In this systematic review, no field triage protocol was both highly sensitive and specific for classifying the need of specialized pediatric trauma care; no protocol alone complied with the international standard of at least 95% sensitivity. Regional triage quality regarding initial transportation destination was unknown.
Inability of field triage protocols to identify children in need of specialized trauma care can lead to an incorrect choice of initial destination hospital, and this incorrect choice has been associated with higher mortality rates and increased costs.
Field triage of pediatric patients with trauma is critical for transporting the right patient to the right hospital. Mortality and lifelong disabilities are potentially attributable to erroneously transporting a patient in need of specialized care to a lower-level trauma center.
To quantify the accuracy of field triage and associated diagnostic protocols used to identify children in need of specialized trauma care.
MEDLINE, Embase, PsycINFO, and Cochrane Register of Controlled Trials were searched from database inception to November 6, 2017, for studies describing the accuracy of diagnostic tests to identify children in need of specialized trauma care in a prehospital setting. Identified articles with a study population including patients not transported by emergency medical services were excluded. Quality assessment was performed using a modified version of the Quality Assessment of Diagnostic Accuracy Studies–2.
After deduplication, 1430 relevant articles were assessed, a full-text review of 38 articles was conducted, and 5 of those articles were included. All studies were observational, published between 1996 and 2017, and conducted in the United States, and data collection was prospective in 1 study. Three different protocols were studied that analyzed a combined total of 1222 children in need of specialized trauma care. One protocol was specifically developed for a pediatric out-of-hospital cohort. The percentage of pediatric patients requiring specialized trauma care in each study varied between 2.6% (110 of 4197) and 54.7% (58 of 106). The sensitivity of the prehospital triage tools ranged from 49.1% to 87.3%, and the specificity ranged from 41.7% to 84.8%. No prehospital triage protocol alone complied with the international standard of 95% or greater sensitivity. Undertriage and overtriage rates, representative of the quality of the full diagnostic strategy to transport a patient to the right hospital, were not reported for inclusive trauma systems or emergency medical services regions.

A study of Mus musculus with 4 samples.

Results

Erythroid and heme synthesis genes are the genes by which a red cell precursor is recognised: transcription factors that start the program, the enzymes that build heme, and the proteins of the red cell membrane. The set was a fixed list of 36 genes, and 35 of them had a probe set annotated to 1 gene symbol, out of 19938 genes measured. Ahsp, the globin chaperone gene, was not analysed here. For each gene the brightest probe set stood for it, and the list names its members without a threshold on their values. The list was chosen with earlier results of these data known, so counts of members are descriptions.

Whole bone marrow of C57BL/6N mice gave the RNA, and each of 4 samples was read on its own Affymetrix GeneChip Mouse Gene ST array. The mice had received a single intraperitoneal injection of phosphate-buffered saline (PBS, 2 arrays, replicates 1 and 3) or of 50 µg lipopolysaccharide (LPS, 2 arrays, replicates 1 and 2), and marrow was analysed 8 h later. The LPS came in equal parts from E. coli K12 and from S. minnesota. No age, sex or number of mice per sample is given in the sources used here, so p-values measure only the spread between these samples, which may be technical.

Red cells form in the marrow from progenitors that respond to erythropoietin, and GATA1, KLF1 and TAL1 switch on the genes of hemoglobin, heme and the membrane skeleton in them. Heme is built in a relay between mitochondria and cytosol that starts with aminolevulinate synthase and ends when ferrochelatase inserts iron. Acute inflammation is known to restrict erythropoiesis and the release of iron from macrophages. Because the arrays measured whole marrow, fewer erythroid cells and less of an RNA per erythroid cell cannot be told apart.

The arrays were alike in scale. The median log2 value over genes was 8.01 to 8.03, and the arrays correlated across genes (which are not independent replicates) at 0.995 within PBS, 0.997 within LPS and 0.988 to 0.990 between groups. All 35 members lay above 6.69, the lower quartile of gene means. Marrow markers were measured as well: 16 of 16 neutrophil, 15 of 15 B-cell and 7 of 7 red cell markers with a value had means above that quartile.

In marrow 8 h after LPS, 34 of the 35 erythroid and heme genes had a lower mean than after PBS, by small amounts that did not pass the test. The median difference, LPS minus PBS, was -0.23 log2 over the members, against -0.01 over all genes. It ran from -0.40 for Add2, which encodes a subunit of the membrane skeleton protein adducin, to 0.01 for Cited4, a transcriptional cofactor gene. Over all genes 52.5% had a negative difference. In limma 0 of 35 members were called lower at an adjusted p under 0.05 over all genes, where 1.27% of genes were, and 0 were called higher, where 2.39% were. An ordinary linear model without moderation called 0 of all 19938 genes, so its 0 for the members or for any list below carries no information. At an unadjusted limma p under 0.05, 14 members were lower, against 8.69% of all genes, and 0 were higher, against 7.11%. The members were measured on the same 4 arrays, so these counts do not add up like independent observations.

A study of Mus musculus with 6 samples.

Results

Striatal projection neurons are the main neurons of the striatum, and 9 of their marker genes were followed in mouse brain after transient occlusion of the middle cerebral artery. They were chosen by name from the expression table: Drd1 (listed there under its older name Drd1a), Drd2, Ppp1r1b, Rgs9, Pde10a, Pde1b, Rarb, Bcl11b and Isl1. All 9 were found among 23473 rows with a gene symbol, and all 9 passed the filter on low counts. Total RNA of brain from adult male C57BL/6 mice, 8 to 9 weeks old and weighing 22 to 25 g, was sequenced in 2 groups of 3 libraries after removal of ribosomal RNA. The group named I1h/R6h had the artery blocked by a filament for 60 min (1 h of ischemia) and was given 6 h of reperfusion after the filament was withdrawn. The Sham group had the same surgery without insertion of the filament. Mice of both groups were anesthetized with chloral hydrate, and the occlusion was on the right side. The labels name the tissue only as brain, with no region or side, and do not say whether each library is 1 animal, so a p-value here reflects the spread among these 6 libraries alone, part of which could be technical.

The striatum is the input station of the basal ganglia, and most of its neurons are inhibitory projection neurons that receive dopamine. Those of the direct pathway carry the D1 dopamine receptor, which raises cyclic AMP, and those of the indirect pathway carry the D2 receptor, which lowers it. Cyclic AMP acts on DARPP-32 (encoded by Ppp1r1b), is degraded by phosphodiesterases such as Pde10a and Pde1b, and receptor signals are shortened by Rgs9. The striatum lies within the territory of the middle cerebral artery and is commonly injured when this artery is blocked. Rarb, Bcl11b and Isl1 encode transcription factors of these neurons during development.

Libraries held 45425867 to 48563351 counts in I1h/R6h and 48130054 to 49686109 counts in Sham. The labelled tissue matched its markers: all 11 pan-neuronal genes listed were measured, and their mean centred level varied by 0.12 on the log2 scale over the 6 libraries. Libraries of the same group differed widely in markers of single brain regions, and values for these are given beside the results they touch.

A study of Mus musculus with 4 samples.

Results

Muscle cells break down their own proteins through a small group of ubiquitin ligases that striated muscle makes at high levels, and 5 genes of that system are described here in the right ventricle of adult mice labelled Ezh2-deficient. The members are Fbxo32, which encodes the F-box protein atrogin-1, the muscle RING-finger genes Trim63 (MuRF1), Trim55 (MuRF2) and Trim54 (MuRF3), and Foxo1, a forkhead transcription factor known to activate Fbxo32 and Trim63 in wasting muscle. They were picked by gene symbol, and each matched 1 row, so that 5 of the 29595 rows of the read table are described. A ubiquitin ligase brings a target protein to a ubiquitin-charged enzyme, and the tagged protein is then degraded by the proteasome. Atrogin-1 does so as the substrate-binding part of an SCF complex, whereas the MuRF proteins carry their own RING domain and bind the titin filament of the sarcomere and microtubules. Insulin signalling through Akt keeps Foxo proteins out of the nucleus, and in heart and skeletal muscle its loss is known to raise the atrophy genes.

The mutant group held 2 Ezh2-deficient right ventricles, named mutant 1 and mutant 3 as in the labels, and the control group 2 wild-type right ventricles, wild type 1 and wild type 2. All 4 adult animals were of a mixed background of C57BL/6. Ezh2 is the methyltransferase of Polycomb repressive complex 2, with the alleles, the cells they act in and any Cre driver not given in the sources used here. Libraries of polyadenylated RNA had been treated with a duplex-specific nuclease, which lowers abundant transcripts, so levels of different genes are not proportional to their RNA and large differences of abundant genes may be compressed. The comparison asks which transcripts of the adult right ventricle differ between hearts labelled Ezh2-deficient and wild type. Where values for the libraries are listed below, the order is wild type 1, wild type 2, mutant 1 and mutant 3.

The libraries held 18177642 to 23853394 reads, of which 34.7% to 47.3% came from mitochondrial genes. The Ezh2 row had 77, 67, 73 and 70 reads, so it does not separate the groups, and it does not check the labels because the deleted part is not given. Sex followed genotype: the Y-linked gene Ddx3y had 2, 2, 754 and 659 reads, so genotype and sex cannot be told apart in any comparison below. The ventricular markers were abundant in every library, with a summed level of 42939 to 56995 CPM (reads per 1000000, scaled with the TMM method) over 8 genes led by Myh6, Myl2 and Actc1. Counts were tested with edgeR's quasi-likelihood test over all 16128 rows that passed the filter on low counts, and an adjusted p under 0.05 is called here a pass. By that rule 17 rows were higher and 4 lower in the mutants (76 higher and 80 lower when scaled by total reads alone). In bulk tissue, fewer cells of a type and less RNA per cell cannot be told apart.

Conclusions and Relevance
It is crucial to transport the right patient to the right hospital. Yet the quality of the full diagnostic strategy to determine the optimal receiving hospital is unknown. None of the investigated field triage protocols complied with current sensitivity targets. Improved efforts are needed to develop accurate child-specific tools to prevent undertriage and its potential life-threatening consequences.
Corresponding Author: Rogier van der Sluijs, MD, Department of Surgery, University Medical Center Utrecht, Heidelberglaan 100, 3584 CX, Ste Q02.2.301, Utrecht, the Netherlands (email@example.com).
Published Online: May 16, 2018. doi:10.1001/jamasurg.2018.1050
Author Contributions: Dr van der Sluijs had full access to all the data in the study and takes responsibility for the integrity of the data and the accuracy of the data analysis.
Study concept and design: All authors.
Acquisition, analysis, or interpretation of data: van der Sluijs, van Rein, Wijnand, van Heijl.
Drafting of the manuscript: van der Sluijs, Wijnand.
Critical revision of the manuscript for important intellectual content: All authors.
Statistical analysis: van der Sluijs.
Administrative, technical, or material support: van Heijl.
Study supervision: Wijnand, Leenen, van Heijl.
Conflict of Interest Disclosures: None reported.